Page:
Frame Overos, or "Overos" as they are commonly called, are generally associated with some of the liveliest colour markings in horses.This Paint pattern has been relatively geographically restricted, occurring mainly in horses with ancestry in North America. It is believed to have evolved from a mutation in the Sabino gene. The Frame gene often produces among the most striking and vibrant patterns in paints/pintos, particularly for those horses with more evenly balanced (50:50) white/colour markings.
The Frame Overo pattern manifests itself in many forms, but it is often represented by irregular white patches that spread more-or-less horizontally along the neck and body.
- Head: The head often has white markings which can be large and/or asymmetrical. An "apron" or "bald" face is not uncommon -- and may be the only white feature in a minimally marked overo. "Moustache" markings, representing a patch of dark skin on the upper lip, are not unusual.
- Top line: The white will almost never cross over the top line except in maximally marked horses (and even then, this generally occurs only at the top of the neck line). This is what often gives the horse its "framed" appearance, when standing profile.
- Tail and mane: These are usually fully coloured, though particularly "loud" horses may have some white hairs.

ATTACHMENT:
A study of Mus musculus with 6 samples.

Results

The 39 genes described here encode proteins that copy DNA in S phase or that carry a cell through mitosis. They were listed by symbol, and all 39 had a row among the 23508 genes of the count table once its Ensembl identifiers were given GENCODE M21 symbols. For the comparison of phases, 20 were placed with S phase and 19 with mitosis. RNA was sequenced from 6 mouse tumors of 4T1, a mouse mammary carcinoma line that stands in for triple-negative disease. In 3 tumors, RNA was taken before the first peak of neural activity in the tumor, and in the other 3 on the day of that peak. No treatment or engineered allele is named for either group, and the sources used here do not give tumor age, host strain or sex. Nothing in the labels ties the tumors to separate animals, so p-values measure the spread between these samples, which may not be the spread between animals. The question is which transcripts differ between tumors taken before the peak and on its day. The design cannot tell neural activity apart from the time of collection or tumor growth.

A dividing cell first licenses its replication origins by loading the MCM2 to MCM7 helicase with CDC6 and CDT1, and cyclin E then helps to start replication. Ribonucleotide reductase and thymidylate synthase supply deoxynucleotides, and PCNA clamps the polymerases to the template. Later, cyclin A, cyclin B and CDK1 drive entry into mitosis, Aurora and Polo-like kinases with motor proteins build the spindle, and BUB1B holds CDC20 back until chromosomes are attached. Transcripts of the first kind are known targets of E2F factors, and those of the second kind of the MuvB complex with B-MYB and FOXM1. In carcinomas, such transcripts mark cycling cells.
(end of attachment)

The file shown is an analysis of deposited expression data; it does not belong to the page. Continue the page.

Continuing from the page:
- Hooves and lower legs: Hooves are often dark, as are the lower legs, unless the Sabino gene is also present; it often is thought to be. But even so, unless the coat pattern has a high percentage of white, generally, at least one lower leg will be solid vs white.
- Eyes: Eyes can be blue ("wall") and/or brown, green or amber.
- Spotting pattern: Body patterns tend to be irregular vs symmetrical. The marking usually contrasts sharply against the white, with few / no shadows or jagged edges, even on the legs... unless another overo gene is present.
As with Tobianos, Frame Overo markings are triggered by a dominant gene. Any horse with one of these two genes (i.e. heterozygous) will display a Frame Overo pattern, if only in a "minimal" form. One parent must be a Frame Overo in order to produce a Frame Overo (or Tovero) foal.
When breeding a heterozygous Frame Overo to a solid horse, there is, in theory, a 50% chance that the foal will also carry the Frame gene. However, as this gene is believed to occur along with other "Overo" genes, some such horses will throw a higher percentage of coloured foals (not necessarily Frames) when bred to a solid horse. Some Frames can appear entirely white, or entirely solid, though they are capable of producing coloured foals.
A Frame Overo does not exist in a homozygous state. A Frame Overo bred to another Frame Overo gives a theoretical 25% chance of producing a homozygous foal. Born pure white, these foals are doomed. All are born with severely defective intestinal track which cannot be corrected, and other serious deformities are also common. As with the so-called Lavender Foals in Arabs, these Lethal White offspring fail to thrive beyond a few days, if not hours. Fortunately, there is a DNA-based test to detect whether the horse is carrying this gene, dubbed the Overo Lethal White Gene (OLWG), so that such Frame-to-Frame matings can be avoided.